Regulation Reform: Justify, then Introduce!

Regulation Reform: Justify, then Introduce!

Key conclusions

The practice of curtailing inspections should be continued at the legislative level

There were a huge number of inspections, and although about 1.5 million regulations were cancelled, our work continues. The reform is ongoing. Now we are looking at law enforcement in the regions, because the law affects all agencies. This is a new system of science,” Mikhail Romanov, First Deputy Chairman, Committee of the State Duma of the Federal Assembly of the Russian Federation on the Control.

"Supervision and oversight reform has been going on for the last few years, and during this time it has gone through several stages of development. In 2019, [there were  Ed.] 1.5 million inspections, but there were half as many by the end of 2021. This is a huge improvement, but we would like to see even fewer inspections, and today we need to focus on what else can be done. Maybe we need to work with risks more thoroughly, in a practical way," Andrey Spiridonov, Deputy Director, Regulatory Policy Department of the Government of the Russian Federation.


The large number of requirements and their interpretation

“There is a law on mandatory requirements that was approved and came into force in 2020, and the history of mandatory requirements is complicated. Businesses often say that the requirements are not clear, they are not sure how to apply them, and in general what to do. There are many documents that provide clarifications on these requirements,” Konstantin Nikitin, Vice President of the Center for Strategic Research Foundation.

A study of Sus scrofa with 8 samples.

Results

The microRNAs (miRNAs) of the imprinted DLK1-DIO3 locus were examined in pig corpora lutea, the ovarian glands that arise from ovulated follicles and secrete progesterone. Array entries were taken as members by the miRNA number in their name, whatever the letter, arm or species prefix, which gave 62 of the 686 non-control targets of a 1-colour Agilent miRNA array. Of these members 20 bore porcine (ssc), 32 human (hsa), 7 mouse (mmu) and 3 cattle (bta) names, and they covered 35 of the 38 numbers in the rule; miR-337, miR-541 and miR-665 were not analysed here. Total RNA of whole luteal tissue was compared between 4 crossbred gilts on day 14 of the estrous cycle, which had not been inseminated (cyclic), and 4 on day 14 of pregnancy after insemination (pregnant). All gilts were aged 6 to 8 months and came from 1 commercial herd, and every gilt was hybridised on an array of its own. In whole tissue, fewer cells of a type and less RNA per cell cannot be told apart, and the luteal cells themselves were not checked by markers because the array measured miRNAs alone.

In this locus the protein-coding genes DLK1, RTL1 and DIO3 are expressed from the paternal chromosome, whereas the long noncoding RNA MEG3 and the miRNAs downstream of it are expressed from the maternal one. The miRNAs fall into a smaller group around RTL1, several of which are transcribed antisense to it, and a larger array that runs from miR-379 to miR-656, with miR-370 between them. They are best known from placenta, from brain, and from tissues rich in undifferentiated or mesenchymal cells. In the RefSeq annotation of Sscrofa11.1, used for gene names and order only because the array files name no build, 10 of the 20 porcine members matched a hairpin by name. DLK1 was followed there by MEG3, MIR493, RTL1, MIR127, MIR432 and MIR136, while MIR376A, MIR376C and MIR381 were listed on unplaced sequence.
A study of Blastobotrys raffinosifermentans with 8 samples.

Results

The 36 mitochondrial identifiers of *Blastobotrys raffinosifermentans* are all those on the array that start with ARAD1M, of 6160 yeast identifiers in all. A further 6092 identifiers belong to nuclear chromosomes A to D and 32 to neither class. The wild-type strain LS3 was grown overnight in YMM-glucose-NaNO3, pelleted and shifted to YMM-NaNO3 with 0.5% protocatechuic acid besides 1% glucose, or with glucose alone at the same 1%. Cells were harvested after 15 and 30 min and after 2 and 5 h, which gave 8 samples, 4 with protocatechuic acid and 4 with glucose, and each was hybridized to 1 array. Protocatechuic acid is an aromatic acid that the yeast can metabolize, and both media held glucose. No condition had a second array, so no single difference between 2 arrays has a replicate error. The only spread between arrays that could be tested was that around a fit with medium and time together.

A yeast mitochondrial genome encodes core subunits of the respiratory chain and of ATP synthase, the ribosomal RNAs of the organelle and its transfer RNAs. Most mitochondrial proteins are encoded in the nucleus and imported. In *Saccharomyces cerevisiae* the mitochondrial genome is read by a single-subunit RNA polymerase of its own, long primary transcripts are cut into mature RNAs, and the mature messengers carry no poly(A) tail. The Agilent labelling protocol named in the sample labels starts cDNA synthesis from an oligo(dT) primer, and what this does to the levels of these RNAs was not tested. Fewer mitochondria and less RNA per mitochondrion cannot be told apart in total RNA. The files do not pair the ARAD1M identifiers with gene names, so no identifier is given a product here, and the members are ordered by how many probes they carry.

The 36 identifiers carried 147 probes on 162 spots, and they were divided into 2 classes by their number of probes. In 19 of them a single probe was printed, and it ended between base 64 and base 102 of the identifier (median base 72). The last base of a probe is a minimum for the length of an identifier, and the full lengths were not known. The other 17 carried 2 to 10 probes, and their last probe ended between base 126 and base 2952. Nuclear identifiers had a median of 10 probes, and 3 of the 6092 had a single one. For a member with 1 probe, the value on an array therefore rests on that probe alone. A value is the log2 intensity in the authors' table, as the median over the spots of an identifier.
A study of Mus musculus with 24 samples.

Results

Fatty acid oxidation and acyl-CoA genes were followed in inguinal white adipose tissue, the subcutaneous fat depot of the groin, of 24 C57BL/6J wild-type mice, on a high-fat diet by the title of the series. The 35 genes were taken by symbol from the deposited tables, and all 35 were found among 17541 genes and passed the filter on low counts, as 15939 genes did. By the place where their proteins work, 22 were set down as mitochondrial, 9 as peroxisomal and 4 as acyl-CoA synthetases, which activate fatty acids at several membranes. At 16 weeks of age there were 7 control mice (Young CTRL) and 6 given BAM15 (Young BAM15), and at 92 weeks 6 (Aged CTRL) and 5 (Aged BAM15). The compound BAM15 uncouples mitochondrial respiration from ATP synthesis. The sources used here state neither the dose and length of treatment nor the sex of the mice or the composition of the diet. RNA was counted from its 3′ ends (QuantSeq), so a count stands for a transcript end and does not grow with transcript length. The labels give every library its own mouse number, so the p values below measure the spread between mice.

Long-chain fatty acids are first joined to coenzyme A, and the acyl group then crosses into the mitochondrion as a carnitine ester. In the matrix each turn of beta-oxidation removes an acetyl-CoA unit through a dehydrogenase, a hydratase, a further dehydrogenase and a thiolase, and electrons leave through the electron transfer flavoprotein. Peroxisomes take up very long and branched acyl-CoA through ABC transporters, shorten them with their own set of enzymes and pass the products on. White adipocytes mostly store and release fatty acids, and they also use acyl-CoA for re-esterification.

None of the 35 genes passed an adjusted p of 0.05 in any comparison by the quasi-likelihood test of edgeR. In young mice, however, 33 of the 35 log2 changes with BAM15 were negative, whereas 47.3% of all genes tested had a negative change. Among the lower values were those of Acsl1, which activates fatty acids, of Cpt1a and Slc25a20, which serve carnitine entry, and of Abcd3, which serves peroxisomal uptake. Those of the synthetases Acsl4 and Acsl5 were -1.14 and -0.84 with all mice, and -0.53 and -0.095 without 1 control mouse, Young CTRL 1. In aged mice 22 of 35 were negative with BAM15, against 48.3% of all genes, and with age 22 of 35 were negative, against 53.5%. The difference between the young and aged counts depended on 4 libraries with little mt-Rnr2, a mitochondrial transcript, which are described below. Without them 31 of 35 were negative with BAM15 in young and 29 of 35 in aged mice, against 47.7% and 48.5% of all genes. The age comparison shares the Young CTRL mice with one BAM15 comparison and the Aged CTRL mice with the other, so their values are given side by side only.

"We do not know yet how to accurately calculate the cost of each mandatory requirement. I think that if we can better understand their effects, learn how to count them, the [regulatory.  Ed.] guillotine itself will probably work more effectively. As for the clarifications, we should try as hard as possible to articulate the requirements in such a way that we do not have to provide clarifications at a later date. And there is a moment of big challenge <...> We need to look at the number of clarifications we have today and find a way to reduce them, as it is very hard for businesses to work under such conditions," Vyacheslav Vitushkin, Chief of Staff, The Accounts Chamber of the Russian Federation.


Preventive control and dialogue with business

“Regarding preventive visits, [Article 52. Preventive visit of the Federal Law on State Control (Oversight) and Municipal Control in the Russian Federation.  Ed.] these will not be performed by government agencies but by other entities. There are a large number of businesses who are more than willing to abide by the rules of conduct, but they simply don't understand them. They have no serious intent [to violate them  Ed.]; they are willing to comply with them, but under certain conditions. They lack the knowledge and resources, and prevention should be directed precisely at these businesses,” Vyacheslav Vitushkin, Chief of Staff, The Accounts Chamber of the Russian Federation.

"We conducted surveys and asked whether prevention visits were beneficial, and we received positive responses. <...> Now we see that state authorities are also starting to use this tool,” Alexander Vdovin, Director of the Department of State Policy in the Field of Licensing, Supervisory Activities, Accreditation and Self-Regulation, Ministry of Economic Development of the Russian Federation.

Integration of digital technologies

“We want to harness digital technologies. We have already implemented an automated monitoring system, and all violations that are identified are reported to the supervisory bodies. This system is now used for land and building inspections, and in other industries. There are over two thousand cameras in the surveillance system. As for oversight of landscaping we use computer vision to detect violations at the venues. With these technologies we can apply special oversight mechanisms and receive a constant flow of information from the facilities that we are monitoring,” Elena Klimenko, Deputy Head, Main Control Department of the City of Moscow.